Interior Design: Bachelor of Fine Arts in Studio
The interior design program at Georgia State University prepares students for successful careers in the rapidly growing and changing field of interior design. The program strives to reflect the values of contemporary interior design practice as it prepares graduates who are adept at providing provocative aesthetic solutions which respond to a multitude of real-world constraints, client needs, program, schedule, and budget. The NASAD (National Association of Schools of Art and Design) accredited program at Georgia State prepares students for careers as licensed professional interior designers who:
- Address human physical needs, aesthetic concerns, and sociological dynamics through design.
- Work well as a member of a multi-disciplined high-performance team.
- Interact responsibly, meaningfully, and successfully with clients and other professionals.
- Design oriented with exceptional communication and drawing skills.
- Interested in and aware of environmental issues affecting the design and creation of both interior and exterior spaces.
- Capable of integrating both functional and aesthetic demands required by the interior design profession.
- Highly self-disciplined and able to complete tasks on schedule.
- Able to clearly articulate a design problem and conceive of an appropriate design solution.
GSU’s interior design program is highly competitive and requires submission of a portfolio for admission into the concentration. All first-year School of Art & Design students learn humanities, mathematics, natural sciences, art history, and art foundations. ID applicants take three introductory ID classes in the fall of their sophomore year before they can qualify to submit application portfolios for admission into the concentration. These initial ID 3000 level courses:
- Are open to all potential ID majors who have completed the first-year Art & Design foundations.
- Introduce students to the varied practical aspects of current interior design practice.
- Provide an introduction to the critical analysis and discussion of current and historical interior spaces.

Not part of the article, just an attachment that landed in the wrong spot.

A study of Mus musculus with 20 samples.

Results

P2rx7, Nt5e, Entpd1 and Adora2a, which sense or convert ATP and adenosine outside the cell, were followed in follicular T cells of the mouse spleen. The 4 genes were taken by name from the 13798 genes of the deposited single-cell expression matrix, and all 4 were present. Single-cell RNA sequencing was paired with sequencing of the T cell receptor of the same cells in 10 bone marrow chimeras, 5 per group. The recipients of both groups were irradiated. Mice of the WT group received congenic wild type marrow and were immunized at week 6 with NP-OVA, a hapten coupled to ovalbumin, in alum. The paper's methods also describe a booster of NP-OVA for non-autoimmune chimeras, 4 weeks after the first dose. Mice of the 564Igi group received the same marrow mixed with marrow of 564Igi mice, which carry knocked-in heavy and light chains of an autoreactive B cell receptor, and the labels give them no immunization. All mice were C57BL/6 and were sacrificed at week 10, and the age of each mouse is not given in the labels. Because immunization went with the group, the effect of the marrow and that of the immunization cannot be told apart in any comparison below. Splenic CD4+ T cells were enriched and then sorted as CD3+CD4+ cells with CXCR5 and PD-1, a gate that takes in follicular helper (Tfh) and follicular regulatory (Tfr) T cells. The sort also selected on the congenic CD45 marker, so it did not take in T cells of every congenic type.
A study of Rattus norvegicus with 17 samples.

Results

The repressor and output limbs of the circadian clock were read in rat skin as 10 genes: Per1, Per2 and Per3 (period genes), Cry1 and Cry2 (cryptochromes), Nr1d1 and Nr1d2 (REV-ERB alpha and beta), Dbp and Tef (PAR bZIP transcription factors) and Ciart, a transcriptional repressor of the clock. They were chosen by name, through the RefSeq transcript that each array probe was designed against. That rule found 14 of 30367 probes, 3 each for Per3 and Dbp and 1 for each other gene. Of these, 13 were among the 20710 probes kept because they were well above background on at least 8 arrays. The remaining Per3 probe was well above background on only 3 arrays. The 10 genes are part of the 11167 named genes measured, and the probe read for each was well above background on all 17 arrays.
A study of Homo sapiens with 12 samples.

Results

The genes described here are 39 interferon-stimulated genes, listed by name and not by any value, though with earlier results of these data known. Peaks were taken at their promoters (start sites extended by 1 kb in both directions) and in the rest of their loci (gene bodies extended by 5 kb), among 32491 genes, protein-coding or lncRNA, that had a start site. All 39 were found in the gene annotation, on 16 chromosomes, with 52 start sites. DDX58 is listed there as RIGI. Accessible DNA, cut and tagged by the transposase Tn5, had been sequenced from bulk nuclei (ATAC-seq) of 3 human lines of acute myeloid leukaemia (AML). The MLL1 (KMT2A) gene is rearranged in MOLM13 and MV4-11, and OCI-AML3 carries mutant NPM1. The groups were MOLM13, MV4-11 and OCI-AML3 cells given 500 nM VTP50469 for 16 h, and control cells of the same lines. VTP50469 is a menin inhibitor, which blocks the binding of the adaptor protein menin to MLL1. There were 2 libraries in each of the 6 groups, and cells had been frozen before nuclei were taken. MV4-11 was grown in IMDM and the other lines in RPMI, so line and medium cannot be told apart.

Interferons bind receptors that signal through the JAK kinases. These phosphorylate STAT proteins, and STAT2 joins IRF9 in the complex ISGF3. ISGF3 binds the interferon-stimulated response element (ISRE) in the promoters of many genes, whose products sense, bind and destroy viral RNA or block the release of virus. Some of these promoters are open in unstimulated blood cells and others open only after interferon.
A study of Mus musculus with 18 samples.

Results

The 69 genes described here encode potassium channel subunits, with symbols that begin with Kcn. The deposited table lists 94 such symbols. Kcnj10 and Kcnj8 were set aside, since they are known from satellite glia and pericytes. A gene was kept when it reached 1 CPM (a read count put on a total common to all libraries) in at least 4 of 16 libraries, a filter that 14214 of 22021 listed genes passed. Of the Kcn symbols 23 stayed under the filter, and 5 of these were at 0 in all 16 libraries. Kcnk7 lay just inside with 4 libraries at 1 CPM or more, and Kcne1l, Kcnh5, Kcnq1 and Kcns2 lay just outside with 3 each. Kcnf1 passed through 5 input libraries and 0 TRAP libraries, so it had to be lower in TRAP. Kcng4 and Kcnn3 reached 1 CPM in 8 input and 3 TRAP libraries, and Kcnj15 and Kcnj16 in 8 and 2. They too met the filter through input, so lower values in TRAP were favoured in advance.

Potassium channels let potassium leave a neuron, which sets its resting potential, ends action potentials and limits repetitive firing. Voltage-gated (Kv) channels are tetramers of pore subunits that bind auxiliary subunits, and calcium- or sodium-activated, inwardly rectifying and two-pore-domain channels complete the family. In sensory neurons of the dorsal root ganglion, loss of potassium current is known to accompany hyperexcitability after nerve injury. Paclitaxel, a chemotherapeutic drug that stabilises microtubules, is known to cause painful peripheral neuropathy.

- Introduce students to the basic architectural drawing (drafting) and communication skills necessary for entering ID majors.
Portfolio review for admission into the Interior Design program takes place at the end of the fall semester of the sophomore year, following the completion of the initial ID 3000 level courses. Once accepted into the program, majors are immediately introduced to computer-aided design (CAD) and 3D modeling, building and life safety codes and regulations, building systems and construction methods. Students gain further experience in architectural drawing and communication, spatial analysis and design, space planning and furniture layout, and an introduction to the characteristics and use of hard and soft materials in interior environments. Sophomore studios are focused on strong interior space conceptualization and the production of successful design solutions responsive to program and context.
At the junior level students commence a rigorous two-semester design studio sequence focused on the conceptualization and development of a variety of project types. Student projects are presented graphically and orally and critiqued in open studio settings by both faculty and guest jurors from Atlanta’s professional interior design community. This part of the curriculum is focused on excellence and innovation in design. Upon completion of the junior year, students are eligible to complete professional internship experience for credit.
In their final year students complete coursework aimed at preparing them for transition to professional practice. Seniors complete advanced design studios leading to a comprehensive capstone project in the spring semester. Specialized interior design practice area labs, seminars and lectures (e.g., furniture design, advanced 3D computer modeling and animation, rendering) are regularly offered and may be taken for elective credit at this level.